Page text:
The University of Maine at Presque Isle’s Reed Fine Art Gallery will showcase several never-before-seen photographs from its Andy Warhol collection, as well as several newly acquired original Warhol screen prints donated by the Andy Warhol Foundation for the Visual Arts, as part of its latest exhibit, Warhol: Faces, which will be on display from Jan. 20 to Feb. 21. The public is invited to view the exhibition throughout the show’s run and attend the Opening Reception, on Feb. 6 from 5-7 p.m., which is being held in conjunction with the First Friday Art Walk.
This exhibition will focus on Warhol’s attention to the portrait. With access to pop culture icons, socialites and the Hollywood elite, Warhol photographed his subjects countless times to prepare for his finished art work. Warhol: Faces will include images of Wayne Gretzky and Carly Simon. These images are part of the collection of 153 silver gelatin prints and Polaroid photographs—valued at more than $100,000—that UMPI was gifted from the Andy Warhol Photographic Legacy Program in 2008.
UMPI’s Reed Art Gallery was among 183 college and university art museums and galleries across the U.S. to receive such a gift from the program so that greater access could be provided to Warhol’s artwork and process. The University was one of three institutions in Maine, along with the University of Maine and Colby College, to receive a gift from the foundation. The Reed Fine Art Gallery was the first in Maine to put these photographs on display for public viewing.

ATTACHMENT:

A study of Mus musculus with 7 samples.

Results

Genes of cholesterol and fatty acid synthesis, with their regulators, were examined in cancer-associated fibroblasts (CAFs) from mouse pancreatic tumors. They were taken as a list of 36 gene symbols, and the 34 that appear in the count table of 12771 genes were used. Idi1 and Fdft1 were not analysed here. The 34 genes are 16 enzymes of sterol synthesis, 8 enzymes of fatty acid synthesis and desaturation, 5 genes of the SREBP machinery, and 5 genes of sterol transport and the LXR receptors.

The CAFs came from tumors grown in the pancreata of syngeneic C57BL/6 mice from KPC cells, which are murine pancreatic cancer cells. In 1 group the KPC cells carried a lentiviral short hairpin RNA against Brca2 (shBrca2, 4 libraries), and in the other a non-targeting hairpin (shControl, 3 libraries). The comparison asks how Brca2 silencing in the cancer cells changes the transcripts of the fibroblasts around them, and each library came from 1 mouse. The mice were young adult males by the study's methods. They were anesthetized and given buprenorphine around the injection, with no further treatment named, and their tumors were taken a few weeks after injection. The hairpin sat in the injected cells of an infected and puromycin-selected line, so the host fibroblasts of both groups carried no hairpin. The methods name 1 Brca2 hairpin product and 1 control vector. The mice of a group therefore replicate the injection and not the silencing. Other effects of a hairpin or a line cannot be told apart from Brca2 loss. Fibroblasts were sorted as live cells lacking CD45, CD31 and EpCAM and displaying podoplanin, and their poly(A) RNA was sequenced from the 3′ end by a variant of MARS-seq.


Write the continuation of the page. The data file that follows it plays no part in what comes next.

The five Warhol original screen prints that will be on display during the show comprise the second gift of its kind to UMPI from the Andy Warhol Foundation. These images, valued at about $25,000, include screen prints of Queen Beatrix, Queen Margrethe and Sitting Bull, as well as pink camouflage and a fiesta pig, and range in size from approximately 20×30 inches to 38×38 inches. These prints were created between 1979 and 1987.
Some of these prints were completed close to Warhol’s death in 1987 and are thought to not have left his studio until the Foundation cataloged the work. This means these prints have not been exhibited before, although there are other editions of these images that are on display. For example, Indiana State University has a print similar to UMPI’s Sitting Bull piece.
“The University and the Reed Gallery are delighted to be showcasing our Warhol collection and to debut our newly acquired screen prints. This exhibition is another clue into the artistic process of Warhol. We get to see the people he had access to, the subtlety of his postures, and the completed work full of color, using the screen printing process. It’s such a fascinating insight and we’re so pleased to be able to share that with the public!” Reed Gallery Director Heather Sincavage said.
The public is encouraged to come out to First Friday on Feb. 6 and attend this free event. Light refreshments will be served. The Reed Fine Art Gallery is open Monday through Saturday 9 a.m. to 4 p.m. The gallery is closed Sundays and University holidays. For more information about this event, please contact Sincavage at 768-9442 or email@example.com. Please follow gallery happenings on the Reed Gallery Facebook page, www.facebook.com/ReedArtGallery.